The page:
The first part of this statement is correct, but that's not it folks. In every study I have read on this subject everyone agrees that you also get a slower, better controlled, and more complete burn with a higher octane and this, depending on the individual vehicle, may or may not improve fuel economy and power or in some cases may make it worse.
That's true, so there isn't any single general statement that can be made about octane vs. power, and cars like Corvettes are not the only vehicles that maximize performance based on octane levels.
In a modern turbocharged car it depends on how the vehicle's ECM controls ignition timing, valve timing, and boost vs. knock detection readings, and how sensitive that relationship is. If you run higher octane and the ECM keeps ignition timing advance, and boost set higher due to reduced knock then the engine will make more power. Conversely, if the ECM doesn't detect knock on lower octane fuel and it doesn't retard ignition timing or boost then it can make just as much power on lower octane fuel.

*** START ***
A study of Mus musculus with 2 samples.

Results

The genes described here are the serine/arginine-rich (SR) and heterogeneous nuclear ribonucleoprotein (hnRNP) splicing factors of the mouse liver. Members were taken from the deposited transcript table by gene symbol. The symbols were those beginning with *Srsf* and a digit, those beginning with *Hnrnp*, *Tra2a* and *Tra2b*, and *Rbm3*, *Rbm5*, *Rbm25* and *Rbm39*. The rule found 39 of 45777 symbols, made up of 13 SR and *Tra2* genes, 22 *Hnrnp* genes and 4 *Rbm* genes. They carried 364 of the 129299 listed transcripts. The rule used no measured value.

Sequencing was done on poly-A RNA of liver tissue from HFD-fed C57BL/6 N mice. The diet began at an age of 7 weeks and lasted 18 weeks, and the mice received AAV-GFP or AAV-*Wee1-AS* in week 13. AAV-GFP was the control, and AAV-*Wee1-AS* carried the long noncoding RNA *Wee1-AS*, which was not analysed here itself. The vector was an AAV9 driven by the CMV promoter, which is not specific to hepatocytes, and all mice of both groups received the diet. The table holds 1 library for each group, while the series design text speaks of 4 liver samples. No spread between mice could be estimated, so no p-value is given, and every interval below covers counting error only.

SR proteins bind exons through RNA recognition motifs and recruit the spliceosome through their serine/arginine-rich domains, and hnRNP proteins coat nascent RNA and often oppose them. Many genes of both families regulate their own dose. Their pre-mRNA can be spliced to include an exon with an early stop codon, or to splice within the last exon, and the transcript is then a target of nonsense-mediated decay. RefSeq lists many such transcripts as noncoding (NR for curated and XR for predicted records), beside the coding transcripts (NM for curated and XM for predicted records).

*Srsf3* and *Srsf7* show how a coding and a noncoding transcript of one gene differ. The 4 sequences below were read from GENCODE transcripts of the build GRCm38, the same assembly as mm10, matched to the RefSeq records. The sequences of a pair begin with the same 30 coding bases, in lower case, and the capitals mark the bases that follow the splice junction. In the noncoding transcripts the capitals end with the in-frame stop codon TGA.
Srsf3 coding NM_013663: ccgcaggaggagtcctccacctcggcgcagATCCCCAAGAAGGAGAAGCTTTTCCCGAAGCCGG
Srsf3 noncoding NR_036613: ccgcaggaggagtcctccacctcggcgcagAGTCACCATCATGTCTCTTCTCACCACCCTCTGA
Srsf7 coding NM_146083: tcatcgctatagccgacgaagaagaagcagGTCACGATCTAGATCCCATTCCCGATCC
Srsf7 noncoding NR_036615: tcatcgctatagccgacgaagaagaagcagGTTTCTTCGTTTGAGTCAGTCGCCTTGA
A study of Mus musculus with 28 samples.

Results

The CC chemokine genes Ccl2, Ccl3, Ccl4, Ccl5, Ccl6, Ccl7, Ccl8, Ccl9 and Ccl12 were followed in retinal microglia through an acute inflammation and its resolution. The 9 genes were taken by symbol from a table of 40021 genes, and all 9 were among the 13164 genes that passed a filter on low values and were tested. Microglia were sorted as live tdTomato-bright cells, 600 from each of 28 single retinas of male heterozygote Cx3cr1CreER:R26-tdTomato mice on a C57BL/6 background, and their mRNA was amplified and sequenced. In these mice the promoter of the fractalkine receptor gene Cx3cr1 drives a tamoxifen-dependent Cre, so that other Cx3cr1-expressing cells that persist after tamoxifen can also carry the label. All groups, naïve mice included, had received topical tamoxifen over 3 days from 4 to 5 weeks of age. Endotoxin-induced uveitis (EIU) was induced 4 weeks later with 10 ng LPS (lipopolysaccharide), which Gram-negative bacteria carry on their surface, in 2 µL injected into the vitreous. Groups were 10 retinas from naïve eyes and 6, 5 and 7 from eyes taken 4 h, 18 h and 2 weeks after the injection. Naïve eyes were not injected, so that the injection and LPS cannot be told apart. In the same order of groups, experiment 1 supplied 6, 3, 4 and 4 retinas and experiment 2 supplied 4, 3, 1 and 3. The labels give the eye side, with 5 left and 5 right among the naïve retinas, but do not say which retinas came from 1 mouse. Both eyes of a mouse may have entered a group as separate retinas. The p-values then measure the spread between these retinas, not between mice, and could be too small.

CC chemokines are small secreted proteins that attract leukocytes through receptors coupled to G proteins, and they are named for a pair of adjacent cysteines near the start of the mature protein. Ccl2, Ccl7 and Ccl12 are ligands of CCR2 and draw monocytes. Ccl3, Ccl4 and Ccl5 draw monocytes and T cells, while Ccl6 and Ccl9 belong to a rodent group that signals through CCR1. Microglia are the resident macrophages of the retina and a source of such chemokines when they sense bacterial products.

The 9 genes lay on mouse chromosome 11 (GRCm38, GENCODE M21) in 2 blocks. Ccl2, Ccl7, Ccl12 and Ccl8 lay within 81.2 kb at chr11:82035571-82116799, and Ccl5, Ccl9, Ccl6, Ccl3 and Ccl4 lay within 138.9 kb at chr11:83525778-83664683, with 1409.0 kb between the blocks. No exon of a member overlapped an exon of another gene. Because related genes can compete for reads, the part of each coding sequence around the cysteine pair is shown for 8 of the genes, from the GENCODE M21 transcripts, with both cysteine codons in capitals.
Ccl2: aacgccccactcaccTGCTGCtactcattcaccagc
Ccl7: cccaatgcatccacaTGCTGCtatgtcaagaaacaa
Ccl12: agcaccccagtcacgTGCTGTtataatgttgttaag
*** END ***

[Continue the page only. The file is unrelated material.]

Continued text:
I think with a compression ratio of 10.6 and boost reaching up to 16 lbs our ECM's will be sensitive to knock readings, and will adjust timing and boost accordingly on the fly. It's a very seamless process which can't be detected by the driver but it can affect power and fuel economy, timing and boost maps can be constantly changing. Always worth exploring octane levels IMO.
I know that I can dump 87 octane into my S2000 which normally takes 91 octane. It will run perfectly safe, but performance will decrease as ignition timing will be retarded by the ECM, much like it does with high intake temps and high coolant temps. My old Dodge SRT-4's would behave the same way, very much dependant on how the ECM adjusts performance based on sensor readings.
I hope to toss on an intake in the next few weeks so a bit more octane could work well with leaner air fuel ratios. Just a guess and I'll try to track the engine performance along the way.